Comment on Political versus Corporate Leadership, Part II: Admitting Mistakes
My colleague Mike Mayor writes:
So you’e only asking for politicians to be honest Matt? Is that all?
Couldn’t agree more on the CEO side. A CEO who cannot admit to failure is doomed to be surrounded by “yes men” and, therefore, must go it alone, whereas the CEO who admits to having the odd bad idea every now and then is more likely to get truthful and accuruate information from those around him/her. Which scenario would you prefer to base your next decision on?
However, I look more to Hollywood for fostering the faux CEO/Board Room stereotypes, not politics. Look no further than the highest ranked show among 18 to 46 year olds: The Apprentice. Trump is just one contemporary example of successfully perpetuating the “kill or be killed” mentality of the ideal CEO. In his book, “How to Get Rich” one of his lessons is to “never take the blame for anything” (meanwhile Trump gets rich by being a caricature of a CEO).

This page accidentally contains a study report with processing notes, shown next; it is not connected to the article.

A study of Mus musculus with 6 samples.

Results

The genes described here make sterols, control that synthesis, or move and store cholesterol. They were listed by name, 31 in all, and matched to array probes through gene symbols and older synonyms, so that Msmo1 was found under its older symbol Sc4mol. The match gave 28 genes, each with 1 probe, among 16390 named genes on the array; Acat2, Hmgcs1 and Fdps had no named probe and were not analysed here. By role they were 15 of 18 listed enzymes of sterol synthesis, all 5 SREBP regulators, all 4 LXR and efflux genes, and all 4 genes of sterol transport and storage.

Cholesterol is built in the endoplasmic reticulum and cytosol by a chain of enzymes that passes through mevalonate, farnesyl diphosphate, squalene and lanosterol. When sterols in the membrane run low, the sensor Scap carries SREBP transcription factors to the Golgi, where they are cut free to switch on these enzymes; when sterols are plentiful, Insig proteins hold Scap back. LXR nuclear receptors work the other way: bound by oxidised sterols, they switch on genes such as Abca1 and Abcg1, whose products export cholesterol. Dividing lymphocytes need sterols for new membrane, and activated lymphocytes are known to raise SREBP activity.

The ideal CEO needs to set the example for the behavior of his employees, and creates opportunities by building relationships not “squashing the competition.” And like it or not, the ideal Board Room is actually a Think Tank of great minds working toward a common goal rather than a place to play mind games and mental poker.
Unfortunately, both of these things make for a horrible TV show but do contribute to building truly great companies! On the other hand, watch too many TV shows (or follow the politician’s lead) and you’ll likely become a CEO whose success is comparable to the CEOs of Enron and Tyco.